Mandarin Chinese Phonetic Segmentation and Tone
|Item Name:||Mandarin Chinese Phonetic Segmentation and Tone|
|Author(s):||Jiahong Yuan, Neville Ryant, Mark Liberman|
|LDC Catalog No.:||LDC2015S05|
|Release Date:||April 20, 2015|
|DCMI Type(s):||Sound, Text|
|Data Source(s):||broadcast news|
|Application(s):||speech recognition, phonetics, prosody, pronunciation modeling, phonology|
Mandarin Chinese Phonetic Segmentation and Tone User Agreement
|Online Documentation:||LDC2015S05 Documents|
|Licensing Instructions:||Subscription & Standard Members, and Non-Members|
|Citation:||Yuan, Jiahong, Neville Ryant, and Mark Liberman. Mandarin Chinese Phonetic Segmentation and Tone LDC2015S05. Web Download. Philadelphia: Linguistic Data Consortium, 2015.|
Mandarin Chinese Phonetic Segmentation and Tone was developed by the Linguistic Data Consortium (LDC) and contains 7,849 Mandarin Chinese "utterances" and their phonetic segmentation and tone labels separated into training and test sets. The utterances were derived from 1997 Mandarin Broadcast News Speech and Transcripts (HUB4-NE) (LDC98S73 and LDC98T24, respectively). That collection consists of approximately 30 hours of Chinese broadcast news recordings from Voice of America, China Central TV and KAZN-AM, a commercial radio station based in Los Angeles, CA.
The ability to use large speech corpora for research in phonetics, sociolinguistics and psychology, among other fields, depends on the availability of phonetic segmentation and transcriptions. This corpus was developed to investigate the use of phone boundary models on forced alignment in Mandarin Chinese. Using the approach of embedded tone modeling (also used for incorporating tones for automatic speech recognition), the performance on forced alignment between tone-dependent and tone-independent models was compared.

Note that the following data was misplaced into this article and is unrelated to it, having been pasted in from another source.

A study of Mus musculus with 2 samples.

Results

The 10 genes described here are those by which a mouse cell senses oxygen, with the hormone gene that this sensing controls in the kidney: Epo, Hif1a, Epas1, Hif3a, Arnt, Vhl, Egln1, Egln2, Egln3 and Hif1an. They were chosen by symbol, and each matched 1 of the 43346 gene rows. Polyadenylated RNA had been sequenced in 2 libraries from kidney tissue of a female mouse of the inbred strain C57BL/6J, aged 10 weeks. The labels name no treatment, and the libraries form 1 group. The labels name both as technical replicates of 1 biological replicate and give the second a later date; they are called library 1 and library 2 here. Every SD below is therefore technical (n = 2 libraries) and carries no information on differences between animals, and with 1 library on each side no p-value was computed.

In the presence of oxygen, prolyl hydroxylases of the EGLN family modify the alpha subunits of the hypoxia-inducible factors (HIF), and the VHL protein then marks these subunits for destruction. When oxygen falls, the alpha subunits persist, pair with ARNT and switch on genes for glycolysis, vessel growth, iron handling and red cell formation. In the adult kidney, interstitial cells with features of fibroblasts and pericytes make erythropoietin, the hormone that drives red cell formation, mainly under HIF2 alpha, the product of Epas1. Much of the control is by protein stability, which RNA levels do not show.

Utterances were considered as the time-stamped between-pause units in the transcribed news recordings. Those with background noise, music, unidentified speakers and accented speakers were excluded. A test set was developed with 300 utterances randomly selected from six speakers (50 utterances for each speaker). The remaining 7,549 utterances formed a training set.
The utterances in the test set were manually labeled and segmented into initials and finals in Pinyin, a Roman alphabet system for transcribing Chinese characters. Tones were marked on the finals, including Tone1 through Tone4, and Tone0 for the neutral tone. The Sandhi Tone3 was labeled as Tone2. The training set was automatically segmented and transcribed using the LDC forced aligner, which is a Hidden Markov Model (HMM) aligner trained on the same utterances (Yuan et al. 2014). The aligner achieved 93.1% agreement (of phone boundaries) within 20 ms on the test set compared to manual segmentation. The quality of the phonetic transcription and tone labels of the training set was evaluated by checking 100 utterances randomly selected from it. The 100 utterances contained 1,252 syllables: 15 syllables had mistaken tone transcriptions; two syllables showed mistaken transcriptions of the final, and there were no syllables with transcription errors on the initial.
Each utterance has three associated files: a flac compressed wav file, a word transcript file, and a phonetic boundaries and label file.
This work was supported in part by National Science Foundation Grant No. IIS-0964556.